Davy, the stockbroking and wealth-management firm, has agreed to sell its assets for as much as €605 million in three deals, as it seeks to draw a line under the biggest crisis in its 95-year history.
Bank of Ireland confirmed on Thursday that it has it has reached a deal to buy Davy's core capital markets and wealth management businesses for an enterprise value of €440 million, with the possibility of up to €40 million of further payments from 2025, subject to the performance of the business.
Sources said that the €40 million has been earmarked for remaining employees, most of whom are shareholders, and not former staff.
The bank will pay a further €125 million for excess cash on Davy's books. A large portion of this will come from the agreed sale, also announced on Thursday, of Davy Global Fund Management (DGFM), the company's fund servicing and fund management arm, to Luxembourg-based peer IQ-EQ.
Sources had previously told The Irish Times that this part of the business was worth more than €70 million. The cash pile will also include €19 million that Davy is set to receive from the separate sale of its 63 per cent stake in Rize ETF, a UK-based exchange traded funds business.
Davy put itself on the market in March as the firm grappled with the fallout from a €4.1 million Central Bank fine relating to a bond trade dating back to 2014. Davy was found to be in breach of market rules for failing to identify whether a conflict of interest existed as 16 employees bought junior bonds in Anglo Irish Bank from a client in November 2014 without disclosing that they were the buyers. Davy kept its own compliance officials in the dark on the deal.
McKiernan biggest beneficiary
Davy’s former chief executive, Brian McKiernan, who resigned in March as it emerged he was part of the so-called Davy 16, will be the biggest beneficiary from the much-higher-than-expected proceeds from the sale of the firm’s assets. He is the largest shareholder, with a 13 per cent stake.
Mr McKiernan, who remains chairman of the ultimate holding company above Davy, told shareholders in an email that the net proceeds for them will amount to as much as €540 million, according to sources. However, €110 million of this will only be paid by Bank of Ireland in 2024, subject to Davy shareholders “meeting a number of agreed criteria”.
Four other former senior figures who were key players in the Davy 16 trade – one-time chief executive Tony Garry; former deputy chairman Kyran McLaughlin; erstwhile head of institutional equities David Smith; and ex-head of bonds Barry Nangle – own 20 per cent of of the firm combined.
More than a third of the business is in the hands of about 700 of Davy’s 800-strong workforce, according to sources. Some 83 of these are employed by DGFM.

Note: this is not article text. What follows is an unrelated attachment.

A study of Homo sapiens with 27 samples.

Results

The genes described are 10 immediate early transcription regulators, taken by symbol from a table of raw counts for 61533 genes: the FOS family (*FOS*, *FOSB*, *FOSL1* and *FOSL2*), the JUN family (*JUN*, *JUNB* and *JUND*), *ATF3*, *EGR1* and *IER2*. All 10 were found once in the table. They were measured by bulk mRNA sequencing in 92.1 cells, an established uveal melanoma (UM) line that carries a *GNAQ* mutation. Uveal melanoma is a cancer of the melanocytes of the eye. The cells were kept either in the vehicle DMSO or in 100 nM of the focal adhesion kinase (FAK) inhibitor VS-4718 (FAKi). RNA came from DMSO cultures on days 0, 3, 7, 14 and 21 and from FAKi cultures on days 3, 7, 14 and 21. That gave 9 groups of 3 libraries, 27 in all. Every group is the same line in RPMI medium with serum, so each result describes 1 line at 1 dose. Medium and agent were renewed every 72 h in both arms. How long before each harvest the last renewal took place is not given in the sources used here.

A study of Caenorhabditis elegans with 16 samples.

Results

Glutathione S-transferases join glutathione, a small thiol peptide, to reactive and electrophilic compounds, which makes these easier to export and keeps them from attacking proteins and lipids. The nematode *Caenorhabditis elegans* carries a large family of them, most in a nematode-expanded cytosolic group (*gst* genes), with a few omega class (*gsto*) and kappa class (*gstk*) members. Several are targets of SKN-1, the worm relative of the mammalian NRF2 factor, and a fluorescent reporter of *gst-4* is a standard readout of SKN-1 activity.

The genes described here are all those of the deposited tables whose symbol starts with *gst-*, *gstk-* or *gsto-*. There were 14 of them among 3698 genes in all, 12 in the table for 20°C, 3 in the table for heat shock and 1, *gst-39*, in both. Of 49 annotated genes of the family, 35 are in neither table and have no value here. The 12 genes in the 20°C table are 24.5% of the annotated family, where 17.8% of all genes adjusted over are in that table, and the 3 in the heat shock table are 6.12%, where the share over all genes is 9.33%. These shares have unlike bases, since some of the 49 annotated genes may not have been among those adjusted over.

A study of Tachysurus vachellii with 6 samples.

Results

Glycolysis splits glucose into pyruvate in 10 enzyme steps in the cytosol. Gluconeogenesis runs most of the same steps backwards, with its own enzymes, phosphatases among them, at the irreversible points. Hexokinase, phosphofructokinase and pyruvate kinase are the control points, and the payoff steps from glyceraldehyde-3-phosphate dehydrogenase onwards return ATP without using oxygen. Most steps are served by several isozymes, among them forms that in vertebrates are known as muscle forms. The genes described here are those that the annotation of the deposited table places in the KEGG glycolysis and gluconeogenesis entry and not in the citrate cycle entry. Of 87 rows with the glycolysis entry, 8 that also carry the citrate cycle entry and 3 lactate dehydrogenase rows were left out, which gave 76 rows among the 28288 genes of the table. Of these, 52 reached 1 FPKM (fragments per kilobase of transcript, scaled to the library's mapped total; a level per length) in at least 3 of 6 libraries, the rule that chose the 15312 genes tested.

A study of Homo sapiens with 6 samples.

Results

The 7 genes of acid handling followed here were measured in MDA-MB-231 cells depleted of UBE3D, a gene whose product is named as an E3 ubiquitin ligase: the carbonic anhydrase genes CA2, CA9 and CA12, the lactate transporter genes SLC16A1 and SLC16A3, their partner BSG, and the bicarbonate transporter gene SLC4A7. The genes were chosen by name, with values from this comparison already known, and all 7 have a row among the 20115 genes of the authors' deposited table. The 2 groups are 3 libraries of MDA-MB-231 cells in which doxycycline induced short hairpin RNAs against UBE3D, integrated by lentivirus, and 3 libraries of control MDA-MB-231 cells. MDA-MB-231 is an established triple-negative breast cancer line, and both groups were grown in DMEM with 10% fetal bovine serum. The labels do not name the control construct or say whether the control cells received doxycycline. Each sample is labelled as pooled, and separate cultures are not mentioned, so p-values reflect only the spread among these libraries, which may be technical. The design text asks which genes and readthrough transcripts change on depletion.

The Department of Finance confirmed that Davy employees will continue to benefit from the firm's variable-pay structure that allows bonuses. Some 80 Bank of Ireland staff will also transfer to Davy by the end of 2022, allowing them to benefit from a similar pay arrangement, even as bonuses remain banked across bailed-out Irish banks. A similar arrangement has been agreed as part of AIB's planned takeover of Goodbody Stockbrokers, announced in March.
A quarter of the €440 million initial consideration Bank of Ireland has agreed to pay will be held back for two years after the deal is expected to be completed, in 2022. This will only be paid out subject to Davy shareholders “meeting a number of agreed criteria”.
Staff trading review
Davy also hired Alvarez & Marsal (A&M), an international professional services firm, in March to look forensically at staff trading over the past seven years as part of a review of matters arising from a Central Bank investigation.
A&M "did not identify any instances of staff dealing that were either similar (in their characteristics) to the transaction which gave rise to the fine or otherwise resulted in crystallised harm or detriment" to Davy clients, according to key findings from the report, also released on Thursday.
However, it did identify instances of personal staff dealing in relation “to a very small number of high-value transactions that displayed signs of potentially higher conflict of interest risk”.
“In none of these transactions did they identify in their investigation any serious concern as to a conflict of interest or client detriment,” it said. “However, A&M found that not all of these were subject to adequate (or adequately documented) review at the time.”
Bank of Ireland previously owned Davy, but the broker’s management bought it out in 2006 in a debt-laden deal that valued the business at about €350 million.
Davy has paid back debt at pace over the past decade, even as it spent millions on 11 acquisitions, focused mainly on building up its valuable wealth management and private clients business.